A swimmer-friend once told me that every open-water swim begins in the same way: With confusion, crankiness and occasionally with a mad scramble of arms and legs during a pack start.
The confusion and crankiness were in full effect as I began my first open-water swim of the season at Moreau Lake last night. Crankiness because it was cold, and because my wetsuit felt tight in all the wrong places (swimmer rule: Your wetsuit always fit better last year. These things shrink a little every winter). Confused because the first buoy was farther away than I remembered, and because I couldn’t remember why I was doing this to begin with.
My mental dialogue for the first 300 meters of the 900-meter loop sounded like this:
Cold. Swim faster to get warm. Still cold. Swim faster. Aaaack. Stupid wetsuit. Too tight. Too fat. Don’t say that to yourself! Too cold. Swim faster. Aaaaack. I can get out after two loops.
There must be something magical about that first buoy, because every time I pass it—in any swim, anywhere—I feel a beautiful sense of peace come over me. The thoughts bouncing around in my head disappear as quickly as they came. It’s just the rhythm of my arms pulling and the cool, green-blue water.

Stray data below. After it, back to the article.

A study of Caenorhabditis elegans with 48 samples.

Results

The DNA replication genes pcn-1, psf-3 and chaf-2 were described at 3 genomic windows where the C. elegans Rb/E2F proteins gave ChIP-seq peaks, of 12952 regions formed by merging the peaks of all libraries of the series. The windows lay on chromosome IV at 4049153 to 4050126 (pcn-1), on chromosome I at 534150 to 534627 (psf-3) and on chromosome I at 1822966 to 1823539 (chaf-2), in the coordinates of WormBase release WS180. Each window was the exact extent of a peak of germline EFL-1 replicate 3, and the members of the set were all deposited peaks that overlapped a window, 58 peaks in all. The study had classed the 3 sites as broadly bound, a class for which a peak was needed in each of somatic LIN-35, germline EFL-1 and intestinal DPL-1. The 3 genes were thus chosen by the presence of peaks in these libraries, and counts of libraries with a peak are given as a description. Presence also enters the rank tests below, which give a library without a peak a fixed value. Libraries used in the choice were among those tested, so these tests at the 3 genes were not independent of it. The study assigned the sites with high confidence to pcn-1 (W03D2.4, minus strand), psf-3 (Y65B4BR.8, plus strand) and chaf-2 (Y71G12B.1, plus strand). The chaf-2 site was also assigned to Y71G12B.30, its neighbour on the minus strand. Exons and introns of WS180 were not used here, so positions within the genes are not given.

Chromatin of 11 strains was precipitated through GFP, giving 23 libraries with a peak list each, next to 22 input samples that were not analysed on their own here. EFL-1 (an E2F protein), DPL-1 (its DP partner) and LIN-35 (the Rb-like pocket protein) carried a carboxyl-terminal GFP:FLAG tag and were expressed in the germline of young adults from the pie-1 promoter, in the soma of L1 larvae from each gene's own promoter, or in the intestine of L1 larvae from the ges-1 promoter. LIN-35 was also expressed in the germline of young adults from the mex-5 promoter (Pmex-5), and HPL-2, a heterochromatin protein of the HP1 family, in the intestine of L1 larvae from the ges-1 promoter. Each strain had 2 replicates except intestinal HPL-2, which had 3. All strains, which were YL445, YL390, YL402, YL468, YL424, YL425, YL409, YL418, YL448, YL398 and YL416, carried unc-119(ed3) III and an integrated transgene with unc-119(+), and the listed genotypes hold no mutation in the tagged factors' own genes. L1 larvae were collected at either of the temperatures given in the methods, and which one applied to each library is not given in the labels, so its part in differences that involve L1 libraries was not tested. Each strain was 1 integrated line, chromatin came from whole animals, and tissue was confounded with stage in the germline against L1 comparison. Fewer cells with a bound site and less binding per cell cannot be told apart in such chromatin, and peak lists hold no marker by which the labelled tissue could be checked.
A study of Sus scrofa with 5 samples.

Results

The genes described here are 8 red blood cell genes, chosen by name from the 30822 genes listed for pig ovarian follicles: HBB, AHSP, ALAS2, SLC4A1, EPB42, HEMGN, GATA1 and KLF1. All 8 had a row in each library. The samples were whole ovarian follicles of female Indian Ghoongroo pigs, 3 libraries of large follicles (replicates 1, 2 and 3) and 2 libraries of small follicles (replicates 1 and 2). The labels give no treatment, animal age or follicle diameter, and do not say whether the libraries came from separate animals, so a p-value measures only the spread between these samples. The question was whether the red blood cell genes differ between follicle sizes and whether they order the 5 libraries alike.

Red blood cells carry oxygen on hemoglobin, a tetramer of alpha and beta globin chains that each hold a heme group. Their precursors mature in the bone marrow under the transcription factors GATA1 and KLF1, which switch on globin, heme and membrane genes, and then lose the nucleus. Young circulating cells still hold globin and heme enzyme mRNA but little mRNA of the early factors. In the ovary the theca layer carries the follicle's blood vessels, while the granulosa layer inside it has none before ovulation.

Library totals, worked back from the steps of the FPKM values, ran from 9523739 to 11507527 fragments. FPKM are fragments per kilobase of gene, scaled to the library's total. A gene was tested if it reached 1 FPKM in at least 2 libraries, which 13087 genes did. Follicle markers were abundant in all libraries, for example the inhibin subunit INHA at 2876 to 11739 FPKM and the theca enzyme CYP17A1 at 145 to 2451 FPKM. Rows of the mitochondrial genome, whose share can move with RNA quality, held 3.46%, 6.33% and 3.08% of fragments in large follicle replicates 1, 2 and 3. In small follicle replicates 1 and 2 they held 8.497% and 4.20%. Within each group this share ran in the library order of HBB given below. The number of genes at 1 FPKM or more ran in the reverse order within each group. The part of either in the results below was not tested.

The wind started to whip up the lake into frothy mini-whitecaps after I swam two loops of the course, but there was no way I was getting out. It was too much fun—not just in spite of the waves, but because of them. In fact, I swam four laps of our triathlon club’s course in the hour-long swim. This is something I’ve only done once before. I wasn’t looking to swim long—I was just having too much fun playing to get out.
“I felt like a hero,” my friend Lisa said after the swim, and I knew exactly what she meant.